Grave of important Christian Roman woman found in Ljubljana

A burial ground centered around the grave of an elite Christian Roman woman has been discovered in Ljubljana, the capital of Slovenia. Modern-day Ljubljana began in 1st century B.C. as a castrum, a Roman fort, that developed an associated civilian settlement. Historians believe the city of Emona was built by imperial decree in 14 A.D. after the legion departed. Located on the Ljubljanica river, it was an important center of trade between the Adriatic and the Danube area and was the seat of a bishopric in the Early Christian era. It was destroyed by Attila the Hun in the 5th century. The city of Ljubljana grew on the site in the Early Middle Ages.

Archaeologists began excavating the site on Gosposvetska Street in August of 2017 in advance of construction. Roman graves had been found nearby before and experts expected they might find more. They did indeed, more in quantity and higher in quality than expected. The cemetery, about 2000 feet away from the northern walls of the Roman city, dates to the second half of the 4th century A.D. and contains more than 350 burials. Many of them are simple inhumation graves. Others include expensive sarcophagi that were made out of limestone quarried from Moravče, 20 miles east of the city. The remains of a six-year-old girl were found interred in one of these pricey sarcophagi. She was buried with a lovely set of jewelry — one solid gold bracelet, one dark glass bracelet, a necklace of gold rings and glass beads and a gold finger ring with a green stone.

The stand-out is a burial chapel or mausoleum that contains the remains of one 30 to 40-year-old woman who must have been a very important member of the community.

The most stunning artifact recovered beneath Gosposvetska Street was a transparent blue glass bowl found next to the woman’s body. The 1,700-year old vessel is decorated on the outside with grapes, and vine leafs and tendrils. A Greek inscription on the inside of the bowl instructs the owner to “Drink to live forever, for many years!”

This exquisite drinking bowl could have been used in both regular daily life as well as for burial ceremonies, and an analysis of its chemical composition points to its manufacture somewhere in the eastern Mediterranean region. The grapevine decorations have their role in the Christian Eucharist and Communion, but have their origins in motifs associated with Dionysus, the pagan god of wine and ecstasy.

Archaeologists are also interested in how the woman’s tomb developed over time. It seems that possibly within a decade of her burial, her square chapel was demolished and a larger (30-by-40-foot) structure was built to enclose her tomb. Around the new structure and inside it, Emona’s Christian community began to practice a burial practice known as ad sanctos, in which the deceased are interred near the tombs of saints and other remains considered holy.

If she was the first or very early burial, her grave’s location at the center of a cemetery that grew up around her would identify the woman not just a person of high social status, but also someone of religious significance the Christian community that flourished in the city after the last of the persecutions under Diocletian in the early 4th century.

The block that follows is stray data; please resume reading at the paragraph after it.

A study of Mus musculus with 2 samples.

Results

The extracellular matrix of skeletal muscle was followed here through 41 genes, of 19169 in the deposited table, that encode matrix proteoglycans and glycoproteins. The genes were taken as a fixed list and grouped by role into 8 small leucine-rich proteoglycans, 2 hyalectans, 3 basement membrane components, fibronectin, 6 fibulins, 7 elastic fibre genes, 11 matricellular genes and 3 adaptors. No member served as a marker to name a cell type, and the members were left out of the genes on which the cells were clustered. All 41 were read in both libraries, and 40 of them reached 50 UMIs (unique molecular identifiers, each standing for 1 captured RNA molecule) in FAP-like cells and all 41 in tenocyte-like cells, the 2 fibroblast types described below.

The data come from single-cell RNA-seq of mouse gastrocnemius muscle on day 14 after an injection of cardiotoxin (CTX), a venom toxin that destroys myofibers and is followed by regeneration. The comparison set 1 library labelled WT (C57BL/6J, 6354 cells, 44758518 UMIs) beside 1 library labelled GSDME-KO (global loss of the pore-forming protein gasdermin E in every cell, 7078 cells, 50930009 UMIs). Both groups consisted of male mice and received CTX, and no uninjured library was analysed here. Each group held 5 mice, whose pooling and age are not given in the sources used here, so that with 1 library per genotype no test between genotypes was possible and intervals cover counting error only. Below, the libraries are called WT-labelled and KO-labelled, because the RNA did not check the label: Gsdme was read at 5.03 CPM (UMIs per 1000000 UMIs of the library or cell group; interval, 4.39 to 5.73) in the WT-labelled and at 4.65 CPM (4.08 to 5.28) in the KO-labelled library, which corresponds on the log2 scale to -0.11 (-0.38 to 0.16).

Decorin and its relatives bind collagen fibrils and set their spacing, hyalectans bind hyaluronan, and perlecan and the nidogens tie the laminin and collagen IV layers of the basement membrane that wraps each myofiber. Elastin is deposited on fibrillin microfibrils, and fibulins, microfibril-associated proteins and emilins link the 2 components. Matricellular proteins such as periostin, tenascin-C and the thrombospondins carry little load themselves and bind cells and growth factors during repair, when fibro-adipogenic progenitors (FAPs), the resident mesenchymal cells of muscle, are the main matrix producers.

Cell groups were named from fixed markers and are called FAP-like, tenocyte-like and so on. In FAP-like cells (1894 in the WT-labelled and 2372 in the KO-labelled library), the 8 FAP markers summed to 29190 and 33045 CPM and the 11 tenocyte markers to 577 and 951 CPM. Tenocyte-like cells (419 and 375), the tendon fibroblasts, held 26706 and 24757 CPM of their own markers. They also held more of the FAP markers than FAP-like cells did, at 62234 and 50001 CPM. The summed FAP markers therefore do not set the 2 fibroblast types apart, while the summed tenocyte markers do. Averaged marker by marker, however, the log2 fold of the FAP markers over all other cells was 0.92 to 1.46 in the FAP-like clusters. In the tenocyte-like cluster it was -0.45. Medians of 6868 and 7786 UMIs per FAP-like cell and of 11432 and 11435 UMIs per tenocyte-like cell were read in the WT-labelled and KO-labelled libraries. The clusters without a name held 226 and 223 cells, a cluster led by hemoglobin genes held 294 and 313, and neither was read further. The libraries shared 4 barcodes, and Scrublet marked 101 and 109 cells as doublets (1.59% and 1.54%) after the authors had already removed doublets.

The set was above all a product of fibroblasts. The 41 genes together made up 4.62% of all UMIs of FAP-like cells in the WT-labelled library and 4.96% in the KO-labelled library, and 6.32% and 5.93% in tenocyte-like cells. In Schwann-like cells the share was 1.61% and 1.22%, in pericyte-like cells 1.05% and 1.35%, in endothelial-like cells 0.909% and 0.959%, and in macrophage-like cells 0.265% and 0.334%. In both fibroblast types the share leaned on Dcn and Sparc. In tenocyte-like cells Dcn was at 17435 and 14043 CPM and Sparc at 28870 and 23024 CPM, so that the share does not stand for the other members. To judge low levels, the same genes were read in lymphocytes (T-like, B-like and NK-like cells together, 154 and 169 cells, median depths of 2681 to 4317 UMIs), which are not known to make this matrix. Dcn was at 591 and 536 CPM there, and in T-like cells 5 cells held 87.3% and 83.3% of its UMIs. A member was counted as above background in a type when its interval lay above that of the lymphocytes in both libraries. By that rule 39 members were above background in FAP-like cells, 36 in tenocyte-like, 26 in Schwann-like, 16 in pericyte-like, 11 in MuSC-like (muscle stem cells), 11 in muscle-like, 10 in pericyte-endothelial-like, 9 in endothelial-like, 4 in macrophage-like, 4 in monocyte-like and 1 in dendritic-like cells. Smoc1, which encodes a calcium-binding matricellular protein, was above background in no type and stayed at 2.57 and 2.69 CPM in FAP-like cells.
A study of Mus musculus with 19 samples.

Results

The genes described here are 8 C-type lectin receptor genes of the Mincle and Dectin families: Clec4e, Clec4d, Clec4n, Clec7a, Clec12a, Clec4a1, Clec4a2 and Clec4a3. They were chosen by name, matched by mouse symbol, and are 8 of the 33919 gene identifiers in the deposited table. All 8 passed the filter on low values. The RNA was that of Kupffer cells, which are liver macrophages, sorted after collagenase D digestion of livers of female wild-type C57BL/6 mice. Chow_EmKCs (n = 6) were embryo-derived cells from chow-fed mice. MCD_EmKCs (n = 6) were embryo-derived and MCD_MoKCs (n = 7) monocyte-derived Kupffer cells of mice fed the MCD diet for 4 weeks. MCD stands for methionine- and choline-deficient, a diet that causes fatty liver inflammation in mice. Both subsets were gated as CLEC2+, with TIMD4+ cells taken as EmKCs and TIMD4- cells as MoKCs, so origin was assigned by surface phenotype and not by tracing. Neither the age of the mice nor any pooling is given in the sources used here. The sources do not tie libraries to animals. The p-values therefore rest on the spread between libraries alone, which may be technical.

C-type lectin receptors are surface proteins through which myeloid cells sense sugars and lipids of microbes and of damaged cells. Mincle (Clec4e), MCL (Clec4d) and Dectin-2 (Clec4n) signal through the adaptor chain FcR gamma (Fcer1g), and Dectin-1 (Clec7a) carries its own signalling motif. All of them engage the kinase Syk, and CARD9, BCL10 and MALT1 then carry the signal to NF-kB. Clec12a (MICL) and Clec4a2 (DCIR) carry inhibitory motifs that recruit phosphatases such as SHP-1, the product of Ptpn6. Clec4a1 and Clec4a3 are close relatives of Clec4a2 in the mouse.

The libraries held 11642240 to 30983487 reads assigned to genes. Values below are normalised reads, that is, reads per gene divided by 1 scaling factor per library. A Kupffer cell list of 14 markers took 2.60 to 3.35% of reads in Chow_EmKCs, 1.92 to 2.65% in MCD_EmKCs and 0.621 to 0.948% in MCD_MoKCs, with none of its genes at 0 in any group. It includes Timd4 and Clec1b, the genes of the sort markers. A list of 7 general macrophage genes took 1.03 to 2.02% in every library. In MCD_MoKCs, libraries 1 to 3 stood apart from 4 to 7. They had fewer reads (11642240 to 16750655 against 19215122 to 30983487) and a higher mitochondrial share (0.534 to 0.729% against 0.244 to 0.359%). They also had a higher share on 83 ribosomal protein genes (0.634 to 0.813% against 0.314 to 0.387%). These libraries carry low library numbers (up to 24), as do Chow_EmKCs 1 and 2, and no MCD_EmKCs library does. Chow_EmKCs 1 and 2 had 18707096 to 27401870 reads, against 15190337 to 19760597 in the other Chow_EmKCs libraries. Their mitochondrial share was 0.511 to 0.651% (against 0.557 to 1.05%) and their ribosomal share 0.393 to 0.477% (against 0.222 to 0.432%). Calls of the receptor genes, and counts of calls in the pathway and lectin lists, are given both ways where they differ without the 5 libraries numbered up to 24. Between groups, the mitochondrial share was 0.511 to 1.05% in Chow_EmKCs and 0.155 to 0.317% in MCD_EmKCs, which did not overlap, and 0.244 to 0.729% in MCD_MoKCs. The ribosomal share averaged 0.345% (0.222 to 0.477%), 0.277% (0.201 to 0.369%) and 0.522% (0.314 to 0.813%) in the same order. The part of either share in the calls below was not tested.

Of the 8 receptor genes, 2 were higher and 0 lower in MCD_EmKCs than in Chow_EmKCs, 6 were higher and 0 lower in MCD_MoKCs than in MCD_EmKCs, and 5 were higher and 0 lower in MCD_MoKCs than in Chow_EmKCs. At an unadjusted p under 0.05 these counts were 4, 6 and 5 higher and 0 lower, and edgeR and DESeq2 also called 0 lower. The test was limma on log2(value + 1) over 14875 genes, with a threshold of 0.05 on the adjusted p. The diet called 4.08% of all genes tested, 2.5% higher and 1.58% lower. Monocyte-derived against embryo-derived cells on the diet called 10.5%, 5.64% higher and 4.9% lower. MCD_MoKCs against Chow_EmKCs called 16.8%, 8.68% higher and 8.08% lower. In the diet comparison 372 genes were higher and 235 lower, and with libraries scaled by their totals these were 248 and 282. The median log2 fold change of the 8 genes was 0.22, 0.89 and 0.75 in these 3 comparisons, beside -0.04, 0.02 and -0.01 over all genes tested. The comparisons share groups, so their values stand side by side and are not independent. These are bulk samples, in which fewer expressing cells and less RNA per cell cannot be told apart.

Her skeletal remains will be studied in the hope that some of the questions about her status in the community, the date of her death and her origins might be answered. A selection of the most exceptional artifacts discovered in the graves have gone on display in the treasury of the City Museum of Ljubljana.


Comment by dearieme
2019-01-29 07:32:43

Roman findings are so routine that it hardly seems worth fussing about most of them. When did one last change historians’ understanding of anything important?

Now, if somebody found Carthaginian remains in Kent that would be worth fussing about.

Or in Maine, eh?

Similarly, the world surely is already saturated with books about the Nazis. Short of demonstrating that Hitler’s grandma was a black, a period of silence on the topic would be welcome.

 
Comment by Trevor
2019-01-29 09:52:38

*likes Roman cemetery finds*
*understands a Roman’s fascination with dead Romans*

;)

 
Comment by John Cooper
2019-01-29 10:07:45

Quickest application of Godwin’s Law I’ve ever seen in a comment thread! :lol:

 
Comment by Caligula Minus
2019-01-29 10:20:45

🐱 🐯 Ad Bestias!!! 🐱 🐯

 
Comment by Susie
2019-01-29 11:48:14

I am with Trevor !
One cant get enough of Roman finds. And I live where there are plenty.
Maybe in the spring when I start extending my house there will be something in the excavations!!

 
Comment by cleo476
2019-01-29 12:01:21

fascinating, I too cannot get enough of Roman ruins….and I learned about Godwin’s law as well, great start to the day thanks all

 
Comment by Karlsdottir
2019-01-29 12:01:33

Beautiful glass objects.

From ANALYSIS OF HISTORIC GLASS BY ION-BEAM METHODS

Roman glassworks produced raw glass in huge
blocks weighting several tons, which were
splintered in chunks and distributed commercially
for reworking into objects. A glass chunk of this
type was discovered close to Roman municipium
Nauportus (today’s Vrhnika near Ljubljana) as
early as 1886; yet it was the recent chemical
analysis that confirmed its manufacture with natron, and therefore its Roman origin (Istenič & Šmit 2012).
Roman glass was commonly recycled that may
partly obscure its primary origin.

 
Comment by Albertus Minimus
2019-01-30 08:26:26

These Latins did Rome around much, so it should be expected much evidence of their Romans is to be found. This comment is not intended to provoke a Pun-ic War.

 
Comment by Sluggo
2019-01-31 00:15:01

dearime when I read your comments, I picture an old British fart. If you really believe what you wrote, you probably should Brexit this blog.